Perhaps you’ve seen them, idle and bored 'memory' care residents. If you study the calendar at a typical dementia care setting (adult day, assisted living, or nursing home) – it is possible to find a time of day in when there are no facilitated activities underway. Before and after meals, perhaps – a time period stretching an hour or more. The TV is on or music is playing. The day or evening shift staff members are doing a variety of chores, nurses are dispensing and recording medication doses – and residents are wandering or seated, in wheel chairs perhaps, or perhaps they are repeatedly approaching and deflected from exits.
What is the difference between good and great care? Perhaps someone you know has visited one of these units and does not know what to make of what they see. Is this a positive setting? Good enough? Does it meet the requirements set forth by the Alzheimer’s Association? Or perhaps a checklist is used by families to select an appropriate setting. This particular element is intriguing: "Are residents actively engaged in activities that are appropriate and/or interesting to those with Alzheimer’s or dementia? Are there opportunities for residents to contribute to the community (as appropriate), such as folding napkins, towels or clothing?"
Memory care is the best contributor to senior housing profit. Consider the senior housing industry -- one that is watching its move-in and average age of residents rise (87 and 89), one year each year. And memory care is the fastest growing and likely the most profitable segment of the senior housing sector. Prospective residents face a price boost of 42% from the assisted living average rate of $42,600 for assisted living up to an average of $57,000/year for assisted living with memory care. This cost can rise up to $1000/month more if the business is (entirely) specialized in memory care. For today, let's not dwell on who can afford this or why the average age is older each year.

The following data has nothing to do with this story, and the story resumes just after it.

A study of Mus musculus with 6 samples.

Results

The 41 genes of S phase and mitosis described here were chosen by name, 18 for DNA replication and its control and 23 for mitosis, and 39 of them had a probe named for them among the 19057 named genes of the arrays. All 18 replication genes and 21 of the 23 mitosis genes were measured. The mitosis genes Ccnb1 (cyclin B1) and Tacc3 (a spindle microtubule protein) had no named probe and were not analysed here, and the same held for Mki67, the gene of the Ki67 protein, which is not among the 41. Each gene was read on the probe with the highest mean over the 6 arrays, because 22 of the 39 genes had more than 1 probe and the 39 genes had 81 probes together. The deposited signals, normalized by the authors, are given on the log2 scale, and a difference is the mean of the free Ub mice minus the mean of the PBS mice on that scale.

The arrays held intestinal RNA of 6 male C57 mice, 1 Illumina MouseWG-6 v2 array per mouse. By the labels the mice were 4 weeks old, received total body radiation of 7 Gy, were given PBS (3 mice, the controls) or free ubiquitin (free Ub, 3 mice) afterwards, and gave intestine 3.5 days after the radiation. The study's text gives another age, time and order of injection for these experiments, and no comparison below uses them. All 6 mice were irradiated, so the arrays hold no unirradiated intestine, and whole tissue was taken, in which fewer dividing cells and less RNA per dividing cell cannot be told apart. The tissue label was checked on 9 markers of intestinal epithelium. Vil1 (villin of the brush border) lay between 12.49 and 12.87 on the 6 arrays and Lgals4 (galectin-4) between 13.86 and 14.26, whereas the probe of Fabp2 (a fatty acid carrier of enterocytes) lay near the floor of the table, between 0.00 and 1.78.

So what are examples of memory care settings where residents are engaged? One of the more intriguing approaches to memory care I’ve heard about uses the Montessori method (as used in this link to a particular Toronto senior center) for engaging residents. I'm not sure that it so much combats dementia as it combats boredom, but certainly it is an approach that "relies heavily on the sensory environment." But further surfing around reveals that this method has been both widely studied and also that it is in use here and there -- although it does not appear to be an attribute you can use in customizing a search for care on search sites like Caring.com. My guess is that it is both costly to set up the physical environment and labor-intensive for staff to monitor and help residents engage. But are there possibilities in setting up large touch screens, including interactive video, as one or more of the individual stations in which residents engage? Thoughts?